The Vickers Viking VC.1 Viking was an early postwar twin-engined passenger aircraft designed and built by Vickers and intended mainly for the short European routes. In order to expedite production, the design used the wing and undercarriage of the Vickers Wellington, with only the fuselage being different. Some 163 Vikings were built and the type enjoyed service with a large number of airlines. Developments of the Viking later entered service with the R.A.F. as the Vickers Valetta troop transport and the Vickers Varsity crew trainer.

The Viking and BigglesEdit

  • Biggles Follows On - the Viking was the most likely type of aircraft used by Ross and Ginger for their outward trip from London to Paris. In the 1950s, British European Airways operated hourly services from London Northolt Airport to Paris using the Viking. From April 1950, B.E.A. also flew twice a day from the newly opened Heathrow Airport. From July to August 1950, B.E.A. also pioneered 36 London-Paris flights with a borrowed Vickers Viscount. But the vast majority of Paris-bound flights were from Northolt on Vikings.[1]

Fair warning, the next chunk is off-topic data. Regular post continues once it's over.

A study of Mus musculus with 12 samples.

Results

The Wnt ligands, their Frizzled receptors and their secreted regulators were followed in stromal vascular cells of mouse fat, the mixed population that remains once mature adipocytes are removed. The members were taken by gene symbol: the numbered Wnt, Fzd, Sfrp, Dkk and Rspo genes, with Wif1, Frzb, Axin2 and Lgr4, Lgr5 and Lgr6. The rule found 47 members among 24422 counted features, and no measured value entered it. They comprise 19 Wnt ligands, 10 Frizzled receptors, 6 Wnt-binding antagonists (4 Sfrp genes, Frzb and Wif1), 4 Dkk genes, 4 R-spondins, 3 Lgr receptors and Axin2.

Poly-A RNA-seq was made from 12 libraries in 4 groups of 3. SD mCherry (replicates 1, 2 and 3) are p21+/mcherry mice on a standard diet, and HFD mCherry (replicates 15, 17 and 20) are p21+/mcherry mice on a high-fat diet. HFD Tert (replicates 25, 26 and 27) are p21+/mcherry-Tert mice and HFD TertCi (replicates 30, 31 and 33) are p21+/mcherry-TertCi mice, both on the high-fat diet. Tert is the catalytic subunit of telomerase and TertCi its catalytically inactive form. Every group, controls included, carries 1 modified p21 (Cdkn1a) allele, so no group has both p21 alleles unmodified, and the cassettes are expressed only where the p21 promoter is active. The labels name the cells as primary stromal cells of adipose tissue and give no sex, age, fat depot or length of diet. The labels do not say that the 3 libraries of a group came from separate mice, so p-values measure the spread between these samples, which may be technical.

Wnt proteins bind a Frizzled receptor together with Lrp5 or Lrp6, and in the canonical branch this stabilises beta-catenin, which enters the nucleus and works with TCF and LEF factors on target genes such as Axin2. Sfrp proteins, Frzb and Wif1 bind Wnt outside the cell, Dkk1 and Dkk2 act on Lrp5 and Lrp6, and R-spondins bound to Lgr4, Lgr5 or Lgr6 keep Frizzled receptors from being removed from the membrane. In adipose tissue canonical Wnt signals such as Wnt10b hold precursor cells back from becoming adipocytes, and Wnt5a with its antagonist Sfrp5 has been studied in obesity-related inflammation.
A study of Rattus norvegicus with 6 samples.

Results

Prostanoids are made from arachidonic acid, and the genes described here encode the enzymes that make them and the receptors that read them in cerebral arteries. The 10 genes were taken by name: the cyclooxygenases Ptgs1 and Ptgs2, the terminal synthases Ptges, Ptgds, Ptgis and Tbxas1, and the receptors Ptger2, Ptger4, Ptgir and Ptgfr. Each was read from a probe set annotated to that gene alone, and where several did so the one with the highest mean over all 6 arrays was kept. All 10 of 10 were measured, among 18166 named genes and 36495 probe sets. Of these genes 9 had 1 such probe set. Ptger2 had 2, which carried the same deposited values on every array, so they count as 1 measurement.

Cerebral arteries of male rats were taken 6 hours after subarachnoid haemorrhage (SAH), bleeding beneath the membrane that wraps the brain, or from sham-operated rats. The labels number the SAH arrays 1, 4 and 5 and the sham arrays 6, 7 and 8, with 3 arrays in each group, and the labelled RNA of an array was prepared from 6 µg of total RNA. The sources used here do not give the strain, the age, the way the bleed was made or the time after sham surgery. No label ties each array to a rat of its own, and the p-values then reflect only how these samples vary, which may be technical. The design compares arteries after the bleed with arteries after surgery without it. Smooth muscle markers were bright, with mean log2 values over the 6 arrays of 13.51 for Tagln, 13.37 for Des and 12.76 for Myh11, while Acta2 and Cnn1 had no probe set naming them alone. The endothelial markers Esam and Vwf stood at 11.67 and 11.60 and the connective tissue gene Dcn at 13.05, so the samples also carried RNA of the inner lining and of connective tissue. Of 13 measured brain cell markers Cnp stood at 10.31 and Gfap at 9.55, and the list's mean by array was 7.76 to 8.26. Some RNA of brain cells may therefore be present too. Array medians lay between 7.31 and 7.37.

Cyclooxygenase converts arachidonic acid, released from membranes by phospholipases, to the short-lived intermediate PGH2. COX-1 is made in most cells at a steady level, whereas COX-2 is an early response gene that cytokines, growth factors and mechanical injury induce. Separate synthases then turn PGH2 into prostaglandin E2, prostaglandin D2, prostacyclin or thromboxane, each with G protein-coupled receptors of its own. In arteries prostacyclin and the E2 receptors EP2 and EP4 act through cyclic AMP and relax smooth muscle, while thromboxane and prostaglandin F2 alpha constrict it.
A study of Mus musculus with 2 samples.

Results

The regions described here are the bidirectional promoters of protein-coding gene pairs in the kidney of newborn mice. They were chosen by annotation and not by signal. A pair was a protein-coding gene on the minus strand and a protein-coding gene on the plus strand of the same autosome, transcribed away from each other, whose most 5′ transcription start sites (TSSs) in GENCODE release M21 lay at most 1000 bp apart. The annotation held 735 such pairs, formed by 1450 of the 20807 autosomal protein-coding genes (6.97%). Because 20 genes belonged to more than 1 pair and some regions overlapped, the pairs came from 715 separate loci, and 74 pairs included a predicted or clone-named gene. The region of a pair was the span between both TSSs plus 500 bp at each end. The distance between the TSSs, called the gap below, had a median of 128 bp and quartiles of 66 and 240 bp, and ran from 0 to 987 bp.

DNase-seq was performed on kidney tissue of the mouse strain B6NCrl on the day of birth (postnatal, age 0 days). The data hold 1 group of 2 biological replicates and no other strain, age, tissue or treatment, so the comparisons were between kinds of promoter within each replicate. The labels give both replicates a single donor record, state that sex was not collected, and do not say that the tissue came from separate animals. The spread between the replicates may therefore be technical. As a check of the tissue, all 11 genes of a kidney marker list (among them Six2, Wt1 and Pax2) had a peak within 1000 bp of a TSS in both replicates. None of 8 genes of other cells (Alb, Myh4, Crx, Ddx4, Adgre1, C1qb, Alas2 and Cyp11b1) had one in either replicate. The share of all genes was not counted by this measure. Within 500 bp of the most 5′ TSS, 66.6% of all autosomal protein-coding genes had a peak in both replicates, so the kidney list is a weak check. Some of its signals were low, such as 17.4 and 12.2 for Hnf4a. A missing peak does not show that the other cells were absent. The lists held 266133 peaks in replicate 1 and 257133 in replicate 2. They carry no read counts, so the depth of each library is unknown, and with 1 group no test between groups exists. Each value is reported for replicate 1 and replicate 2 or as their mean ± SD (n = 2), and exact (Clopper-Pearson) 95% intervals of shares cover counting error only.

• Crew: Two pilots
  • Capacity: 36 passengers
  • Length: 19.86 m
  • Wingspan: 27.20 m
  • Empty weight: 10,430 kg
  • Max. takeoff weight: 15,420 kg
  • Engines: 2 × Bristol Hercules 634 14-cylinder two-row radial engine, 1,690 hp each
  • Maximum speed: 423 km/h
  • Cruise speed: 338 km/h
  • Range: 2,740 km


  1. Charles Woodley, The History of British European Airways, (Barnsley, Pen & Sword, 2006), 21.